Early WDI Intern Credits Summer In Poland For International “Sea Legs”

Wednesday, July 6, 2016

Jack Foreman was one of the first WDI summer interns, when in 1991, he spent three months near Gdansk, a port city on the Baltic coast of Poland. But when he frequently mentions how the internship helped get his “sea legs” in business, he isn’t talking about anything to do with the water.

Foreman said the ability to find your way around a foreign country without speaking the language “isn’t something you can teach someone.” Instead, he said, you learn by doing.

“When I first got to Poland, I was feeling really uncomfortable, very self-conscious going up to a vendor to ask for a drink,” he said. “But eventually you find your way around, you get your sea legs.”

Foreman’s career as a Connecticut-based information services and product development consultant has required a large amount of international travel. He credits his WDI internship with giving him an advantage over those who were uncomfortable in foreign cities.

“I don’t think I ever would have been able to have the capacity to know where to start or how to talk to people if I hadn’t spent two to three months in Poland,” Foreman said. “It was an invaluable experience.”

After Foreman received his bachelor’s degree from the Wharton School of the University of Pennsylvania, he headed to Ann Arbor for his MBA studies. After his first year, companies such as IBM and Hewlett-Packard made internship offers, but sitting in an office didn’t appeal to him.

“I wanted something entrepreneurial and exciting,” Foreman said.

He heard about the international internship opportunities at WDI and “I remember being very, very, very interested in it.” He had more than a dozen friends review his application and cover letter to make sure it was perfect. He landed the internship, but first attended a three-week class on all things business and culture in Poland before leaving for Gdansk.

Foreman worked for a prestigious, small consulting company that was founded by the then-prime minister. The firm fielded several partnership offers from global firms because it understood the local market, he recalled.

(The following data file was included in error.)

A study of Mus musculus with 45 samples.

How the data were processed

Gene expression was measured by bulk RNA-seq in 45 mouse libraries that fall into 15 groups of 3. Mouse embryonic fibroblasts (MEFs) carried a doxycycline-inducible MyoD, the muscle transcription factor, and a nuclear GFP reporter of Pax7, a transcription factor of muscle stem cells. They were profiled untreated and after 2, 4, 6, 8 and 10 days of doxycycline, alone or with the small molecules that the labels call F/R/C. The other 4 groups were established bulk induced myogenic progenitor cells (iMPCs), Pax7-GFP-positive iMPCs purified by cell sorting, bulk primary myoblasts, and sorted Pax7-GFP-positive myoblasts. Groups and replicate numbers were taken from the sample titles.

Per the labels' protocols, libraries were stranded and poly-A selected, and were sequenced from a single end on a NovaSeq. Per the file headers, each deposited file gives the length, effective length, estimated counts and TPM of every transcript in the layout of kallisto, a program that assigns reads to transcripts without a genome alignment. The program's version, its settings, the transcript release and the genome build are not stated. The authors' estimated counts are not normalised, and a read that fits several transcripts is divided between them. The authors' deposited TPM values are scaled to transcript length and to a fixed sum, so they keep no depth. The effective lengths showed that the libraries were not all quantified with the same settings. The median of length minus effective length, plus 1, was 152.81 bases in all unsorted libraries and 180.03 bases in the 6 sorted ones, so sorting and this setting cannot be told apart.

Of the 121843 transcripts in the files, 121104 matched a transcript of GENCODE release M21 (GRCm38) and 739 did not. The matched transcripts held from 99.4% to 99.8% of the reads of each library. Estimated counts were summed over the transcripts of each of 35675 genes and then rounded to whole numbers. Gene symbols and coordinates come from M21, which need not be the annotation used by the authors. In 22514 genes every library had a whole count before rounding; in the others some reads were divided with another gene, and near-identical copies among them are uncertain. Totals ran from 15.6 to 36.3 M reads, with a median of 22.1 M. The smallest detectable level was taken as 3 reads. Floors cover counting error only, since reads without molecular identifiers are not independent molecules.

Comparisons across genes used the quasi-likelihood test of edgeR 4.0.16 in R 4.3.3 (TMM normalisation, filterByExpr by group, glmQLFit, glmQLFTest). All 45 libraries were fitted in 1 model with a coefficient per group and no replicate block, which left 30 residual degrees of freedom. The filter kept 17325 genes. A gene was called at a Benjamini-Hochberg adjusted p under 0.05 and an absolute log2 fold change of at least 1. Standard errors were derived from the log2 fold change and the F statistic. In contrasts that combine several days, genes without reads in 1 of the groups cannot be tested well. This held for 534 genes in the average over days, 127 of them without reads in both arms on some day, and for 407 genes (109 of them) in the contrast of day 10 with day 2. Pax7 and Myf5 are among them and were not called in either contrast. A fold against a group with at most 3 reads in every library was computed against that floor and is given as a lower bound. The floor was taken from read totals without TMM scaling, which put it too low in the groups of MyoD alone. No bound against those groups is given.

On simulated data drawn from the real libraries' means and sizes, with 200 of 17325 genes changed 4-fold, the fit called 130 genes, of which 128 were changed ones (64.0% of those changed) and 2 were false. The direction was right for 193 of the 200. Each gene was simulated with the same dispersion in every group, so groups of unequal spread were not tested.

Two of Foreman’s projects centered on privatization, a growing practice because Poland was in the midst of a democratic and economic transition away from the centralized Soviet system. One was with the trucking industry and the other with the shipping validation industry. He said the trucking project was “compelling to see how this all evolved over time.” The shipping validation project itself was “uninteresting, but always interesting too because you got to meet with people and talk with them about their business.”

A third work project involved evaluating the local market for potato chips. There was no existing data so Foreman would take a Polish-speaking woman with him and interview people on the street. He also surveyed which local stores carried chips.

“Basically I had to create our own approach to market research,” Foreman said.

Those work experiences and occasional weekend afternoons drinking beer and talking with Poles in the park gave Foreman the experience and comfort to work in business internationally, something that has come in handy throughout his career.

He says he can remember his summer in Poland “like it was yesterday.

“It was probably the most profound experience in my life,” Foreman added. “It’s something I’ll always look back on.”

Note: This is one in an ongoing series of articles profiling past WDI student interns and their career paths. Additional profiles in the series may be found here.